23/01/2014 05:51 GMT | Updated 24/03/2014 05:59 GMT

Citizen's Arrest - What Not To Do

Last weekend, a former UK Prime Minister was ambushed and verbally berated by a brazen bar worker (Mr. Garcia). Whilst serving the former PM as he dined in an east London restaurant, Mr. Garcia believed it appropriate to perform "a citizen's arrest for a crime against peace...". A few days after this extraordinary episode took place, the UK national newspapers gave front page honour to the incident.

The newspapers, whilst happy to comment on the evidently strong political views motivating Mr. Garcia, failed to question the legitimacy of Mr. Garcia's declaration of self-conferred rights. What could have been raised were questions regarding an improper and uninformed attempt to utilise a legal tool - one that was designed for the purpose of allowing citizens to assist police officers in detaining law breakers. However, this has scarcely been touched upon in debate surrounding the event.

Mr. Garcia appears to have acted under the false impression that there is a "crime against peace" under English law for which he could perform a citizen's arrest.

The concept of citizen's arrest may be traced back to the right conferred under the Police and Criminal Evidence Act 1984, to a person "other than a constable", to arrest someone for an "indictable offence" in a situation where it is not reasonably practical for a police officer to make the arrest. What is more, a citizen's arrest should only be performed where there is a fear that harm might ensue should the arrest not take place. If Mr. Garcia was truly attempting to perform a citizen's arrest, he would have failed miserably given that the aforementioned criteria were not satisfied; in particular, the police could have reasonably detained the accused had they so wished and there was no reason to fear that harm might ensue had the arrest not taken place.

Attributing the benefit of the doubt to Mr. Garcia's wisdom it is possible to presume that he had intended to act in the name of an entirely detached power of arrest, namely that for a "Breach of the Peace". Such a power is conferred to the public under common law. A citizen's arrest may be performed on a person committing, or about to commit what is considered to be a Breach of the Peace. Generally, this is considered to be a situation involving a threat or immanent element of harm. However, a breach of the peace is neither a crime, as Mr. Garcia insinuated, nor an activity that would likely bring about one's indictment.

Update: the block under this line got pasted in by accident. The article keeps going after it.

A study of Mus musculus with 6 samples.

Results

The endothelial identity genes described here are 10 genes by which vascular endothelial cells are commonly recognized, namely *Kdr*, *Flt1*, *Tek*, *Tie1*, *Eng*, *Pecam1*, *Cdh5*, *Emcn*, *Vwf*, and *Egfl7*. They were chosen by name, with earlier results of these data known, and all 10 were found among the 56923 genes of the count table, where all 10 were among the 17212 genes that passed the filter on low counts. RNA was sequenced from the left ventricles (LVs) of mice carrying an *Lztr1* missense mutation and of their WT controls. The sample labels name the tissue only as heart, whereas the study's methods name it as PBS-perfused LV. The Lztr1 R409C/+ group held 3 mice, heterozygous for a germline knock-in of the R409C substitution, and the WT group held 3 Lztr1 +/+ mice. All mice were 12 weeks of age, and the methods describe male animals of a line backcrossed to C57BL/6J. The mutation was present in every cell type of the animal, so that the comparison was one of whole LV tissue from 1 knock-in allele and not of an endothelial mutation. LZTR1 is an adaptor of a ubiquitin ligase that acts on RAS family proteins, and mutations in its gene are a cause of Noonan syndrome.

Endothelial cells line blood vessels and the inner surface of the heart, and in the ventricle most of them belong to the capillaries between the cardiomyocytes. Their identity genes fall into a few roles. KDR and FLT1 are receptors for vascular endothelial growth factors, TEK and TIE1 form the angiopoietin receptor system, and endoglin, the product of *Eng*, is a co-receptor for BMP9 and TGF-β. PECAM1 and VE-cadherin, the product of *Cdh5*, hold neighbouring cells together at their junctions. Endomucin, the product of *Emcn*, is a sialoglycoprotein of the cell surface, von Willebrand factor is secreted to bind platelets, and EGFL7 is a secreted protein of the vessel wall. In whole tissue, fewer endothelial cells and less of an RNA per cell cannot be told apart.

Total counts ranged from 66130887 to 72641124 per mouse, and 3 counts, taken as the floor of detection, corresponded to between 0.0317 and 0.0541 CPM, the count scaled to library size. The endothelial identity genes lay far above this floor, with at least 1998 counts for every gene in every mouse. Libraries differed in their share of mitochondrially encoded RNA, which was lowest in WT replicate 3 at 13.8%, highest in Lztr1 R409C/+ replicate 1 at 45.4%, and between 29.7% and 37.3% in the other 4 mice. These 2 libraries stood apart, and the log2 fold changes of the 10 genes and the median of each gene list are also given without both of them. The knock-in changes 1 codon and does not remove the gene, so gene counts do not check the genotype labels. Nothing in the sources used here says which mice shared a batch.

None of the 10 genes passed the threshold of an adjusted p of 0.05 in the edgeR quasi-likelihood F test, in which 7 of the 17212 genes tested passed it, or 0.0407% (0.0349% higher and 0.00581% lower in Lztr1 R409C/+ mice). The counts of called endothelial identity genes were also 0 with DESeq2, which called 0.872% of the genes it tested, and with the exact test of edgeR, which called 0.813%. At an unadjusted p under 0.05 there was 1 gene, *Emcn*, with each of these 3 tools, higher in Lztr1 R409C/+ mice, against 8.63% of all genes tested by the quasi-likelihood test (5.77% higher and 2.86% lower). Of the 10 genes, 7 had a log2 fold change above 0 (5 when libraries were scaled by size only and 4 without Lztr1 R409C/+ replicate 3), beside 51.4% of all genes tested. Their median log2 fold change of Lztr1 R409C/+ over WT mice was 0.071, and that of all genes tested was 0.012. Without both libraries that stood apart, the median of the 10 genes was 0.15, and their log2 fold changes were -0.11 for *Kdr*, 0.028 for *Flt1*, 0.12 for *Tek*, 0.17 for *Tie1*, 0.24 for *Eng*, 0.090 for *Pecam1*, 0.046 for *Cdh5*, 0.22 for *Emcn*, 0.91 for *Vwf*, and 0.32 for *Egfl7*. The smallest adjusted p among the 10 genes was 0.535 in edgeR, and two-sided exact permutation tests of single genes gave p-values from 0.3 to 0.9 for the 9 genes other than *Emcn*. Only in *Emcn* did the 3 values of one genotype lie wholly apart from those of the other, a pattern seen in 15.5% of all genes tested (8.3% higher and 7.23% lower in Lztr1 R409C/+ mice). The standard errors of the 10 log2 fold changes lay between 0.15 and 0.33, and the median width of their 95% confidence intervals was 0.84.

So, from where did Mr. Garcia glean the idea of an "arrest for a crime against peace"? It is likely that Mr. Garcia's expansive knowledge of the Law in regard to citizen's arrest, was mustered from one website, namely - This website offers a bounty to those who perform arrests [that are then published] on Mr. Blair for "...crimes against peace, also known as crimes of aggression". The website draws an astonishing parallel by asserting that such crimes, "were described by the Nuremberg Tribunal as "the Supreme international crime"...". In addition, the website suggests a series of "Nuremberg Principles" - within which it lists a number of crimes under international law including "crimes against Peace".

Mr. Garcia's actions not only reflect the truism that partial knowledge is a dangerous thing but also present a wider concern. As the use of the internet continues to grow as a means of disseminating ideas and information on a global scale; the impressionable are perhaps more susceptible than ever to acting on a poorly informed whim with negative consequences for society. Or perhaps this interpretation is too generous a reading of last weeks' events and Mr.Garcia knew full well that he was pulling a political stunt with no legal foundation and is now enjoying the publicity and bounty which he looks set to receive.